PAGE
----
Six-species swards outperformed perennial ryegrass monocultures and were considerably more resistant to drought, research has found. The research from Teagasc, Johnstown Castle and the ADAPT Centre at Trinity College Dublin shows that multi-species mixtures receiving 150 kg per hectare per year of nitrogen fertiliser, out-yielded perennial ryegrass monocultures receiving double that amount of fertiliser (300 kg per hectare per hear).
Speaking about the research, Dr Caroline Brophy, Associate Professor of Statistics at Trinity College Dublin and Funded Investigator at the ADAPT Centre, said: “We are using innovative statistical technologies to address questions of critical importance in the face of the climate crisis. It is urgent that greenhouse gas emissions from agriculture are reduced – with this research, we show that multi-species grassland mixtures can provide a farm-scale solution to reduce fertiliser usage and hence emissions, without compromising on grassland production. We combine computational statistical methodologies with state-of-the-art experimental design in this collaboration with Teagasc, where the experiment was implemented.”
Increases in plant diversity up to six species in intensively managed grasslands reduced the impact of drought, and produced more yield with less fertiliser.
Higher-diversity lower-input mixtures produced higher yields than low-diversity high-input monoculture. Averaged across the two years of the trial, mixtures with all six species produced the highest yields, and yielded more than the best of the six monocultures. Under rainfed conditions, the mixture with equal proportions of all six species at sowing (produced 11.8 tonnes/ha/year) outperformed the best-performing monoculture (produced 10.5 tonnes/ha/year).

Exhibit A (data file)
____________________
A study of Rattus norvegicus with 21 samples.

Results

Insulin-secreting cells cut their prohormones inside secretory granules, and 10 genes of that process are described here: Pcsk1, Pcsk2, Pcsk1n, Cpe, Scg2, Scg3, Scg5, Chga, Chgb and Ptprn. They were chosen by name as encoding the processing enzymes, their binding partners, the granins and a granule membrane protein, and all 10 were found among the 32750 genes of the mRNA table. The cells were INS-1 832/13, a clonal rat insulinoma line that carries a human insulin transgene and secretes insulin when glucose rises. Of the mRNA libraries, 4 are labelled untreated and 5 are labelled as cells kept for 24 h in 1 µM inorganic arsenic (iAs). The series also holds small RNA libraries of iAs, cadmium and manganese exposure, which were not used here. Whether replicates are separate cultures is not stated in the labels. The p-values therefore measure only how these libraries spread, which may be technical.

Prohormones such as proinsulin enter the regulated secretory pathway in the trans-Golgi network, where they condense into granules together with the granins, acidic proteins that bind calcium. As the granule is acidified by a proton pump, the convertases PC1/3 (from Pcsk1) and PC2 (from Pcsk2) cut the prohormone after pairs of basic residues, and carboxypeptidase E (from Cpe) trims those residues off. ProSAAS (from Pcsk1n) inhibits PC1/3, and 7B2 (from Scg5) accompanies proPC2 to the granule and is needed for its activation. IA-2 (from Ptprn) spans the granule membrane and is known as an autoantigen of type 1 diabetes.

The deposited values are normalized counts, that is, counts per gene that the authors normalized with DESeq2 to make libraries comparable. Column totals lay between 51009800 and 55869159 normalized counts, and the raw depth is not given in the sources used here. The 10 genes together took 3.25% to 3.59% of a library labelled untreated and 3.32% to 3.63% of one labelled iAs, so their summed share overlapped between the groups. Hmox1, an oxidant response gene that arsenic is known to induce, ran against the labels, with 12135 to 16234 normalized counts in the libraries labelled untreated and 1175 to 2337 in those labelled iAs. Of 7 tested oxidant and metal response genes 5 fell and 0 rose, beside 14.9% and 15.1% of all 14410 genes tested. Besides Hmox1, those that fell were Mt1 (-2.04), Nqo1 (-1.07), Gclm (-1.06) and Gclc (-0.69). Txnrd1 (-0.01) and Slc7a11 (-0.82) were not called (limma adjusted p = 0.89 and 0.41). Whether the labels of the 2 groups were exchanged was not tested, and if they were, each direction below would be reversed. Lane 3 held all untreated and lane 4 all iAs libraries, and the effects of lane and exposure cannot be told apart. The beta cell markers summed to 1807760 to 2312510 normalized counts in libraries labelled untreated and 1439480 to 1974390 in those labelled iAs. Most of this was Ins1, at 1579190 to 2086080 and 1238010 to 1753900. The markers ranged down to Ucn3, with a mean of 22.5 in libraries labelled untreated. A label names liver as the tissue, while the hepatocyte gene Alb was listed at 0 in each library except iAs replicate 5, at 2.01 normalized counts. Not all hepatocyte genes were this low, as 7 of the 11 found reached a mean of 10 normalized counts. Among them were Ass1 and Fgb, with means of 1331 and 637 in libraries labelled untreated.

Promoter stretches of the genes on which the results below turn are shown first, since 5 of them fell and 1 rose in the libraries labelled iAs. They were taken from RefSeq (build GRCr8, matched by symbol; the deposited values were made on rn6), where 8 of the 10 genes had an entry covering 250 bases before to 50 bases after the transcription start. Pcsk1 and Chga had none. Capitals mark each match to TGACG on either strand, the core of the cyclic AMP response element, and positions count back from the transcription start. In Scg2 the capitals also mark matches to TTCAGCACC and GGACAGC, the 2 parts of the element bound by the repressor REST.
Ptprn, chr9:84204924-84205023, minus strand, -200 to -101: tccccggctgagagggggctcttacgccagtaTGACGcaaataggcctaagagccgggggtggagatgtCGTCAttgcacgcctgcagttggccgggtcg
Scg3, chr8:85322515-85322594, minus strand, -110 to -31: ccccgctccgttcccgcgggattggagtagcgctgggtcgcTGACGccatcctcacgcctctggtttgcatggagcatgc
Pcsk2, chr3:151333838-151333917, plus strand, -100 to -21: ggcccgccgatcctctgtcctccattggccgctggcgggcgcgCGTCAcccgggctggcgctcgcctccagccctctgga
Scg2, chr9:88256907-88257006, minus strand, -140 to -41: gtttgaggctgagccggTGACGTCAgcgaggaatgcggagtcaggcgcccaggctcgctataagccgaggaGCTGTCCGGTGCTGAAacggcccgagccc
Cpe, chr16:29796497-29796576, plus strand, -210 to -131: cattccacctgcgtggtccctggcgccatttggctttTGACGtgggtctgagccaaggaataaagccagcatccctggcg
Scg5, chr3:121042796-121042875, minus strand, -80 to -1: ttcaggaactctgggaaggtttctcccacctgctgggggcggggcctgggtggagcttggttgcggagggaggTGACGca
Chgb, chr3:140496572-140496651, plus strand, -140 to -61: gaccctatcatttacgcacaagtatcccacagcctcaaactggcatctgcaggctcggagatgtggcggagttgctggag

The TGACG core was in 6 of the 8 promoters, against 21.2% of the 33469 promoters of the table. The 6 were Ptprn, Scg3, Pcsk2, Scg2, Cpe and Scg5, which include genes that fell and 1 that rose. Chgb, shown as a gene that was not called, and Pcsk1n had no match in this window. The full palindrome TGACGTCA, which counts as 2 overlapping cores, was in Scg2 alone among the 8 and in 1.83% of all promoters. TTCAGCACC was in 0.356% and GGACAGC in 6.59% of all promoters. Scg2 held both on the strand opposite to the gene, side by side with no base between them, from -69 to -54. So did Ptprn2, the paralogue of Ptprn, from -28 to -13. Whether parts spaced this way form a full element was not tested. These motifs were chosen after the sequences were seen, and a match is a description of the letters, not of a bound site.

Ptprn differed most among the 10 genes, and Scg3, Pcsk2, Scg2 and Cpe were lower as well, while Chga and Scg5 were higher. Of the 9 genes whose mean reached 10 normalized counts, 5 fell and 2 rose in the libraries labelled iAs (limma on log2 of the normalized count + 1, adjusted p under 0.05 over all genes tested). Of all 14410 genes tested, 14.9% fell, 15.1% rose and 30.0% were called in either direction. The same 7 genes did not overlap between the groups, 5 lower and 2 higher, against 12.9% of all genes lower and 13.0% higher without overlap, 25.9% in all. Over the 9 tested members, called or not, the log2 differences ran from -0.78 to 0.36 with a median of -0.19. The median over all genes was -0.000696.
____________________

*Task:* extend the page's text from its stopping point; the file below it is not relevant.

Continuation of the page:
Higher diversity mixtures produced similar yields under drought as other comparisons under rainfed conditions. As expected, total annual yields were generally reduced by the experimental drought. Nevertheless, the higher-diversity lower-input mixtures under unfavourable drought conditions achieved similar yields to those from the low-diversity, high-input comparison under favourable rainfed conditions. This indicates the potential for multi-species mixtures to mitigate the effect of more variable weather conditions on grassland yields across the whole year.
Dr John Finn, a senior researcher at Teagasc’s Environment Research Centre at Johnstown Castle said; “The need for research on drought in Irish grasslands has become all too obvious in recent years, and that need will only increase in the coming decades. The use of multi-species is one strategy to improve the resilience of grassland production.”
What proportions of grasses, legumes and herbs are the best? The most productive swards were a combination of species from the three functional groups of grasses, legumes and herbs. With legume proportion between 30 and 70%, yields were better than the best monoculture.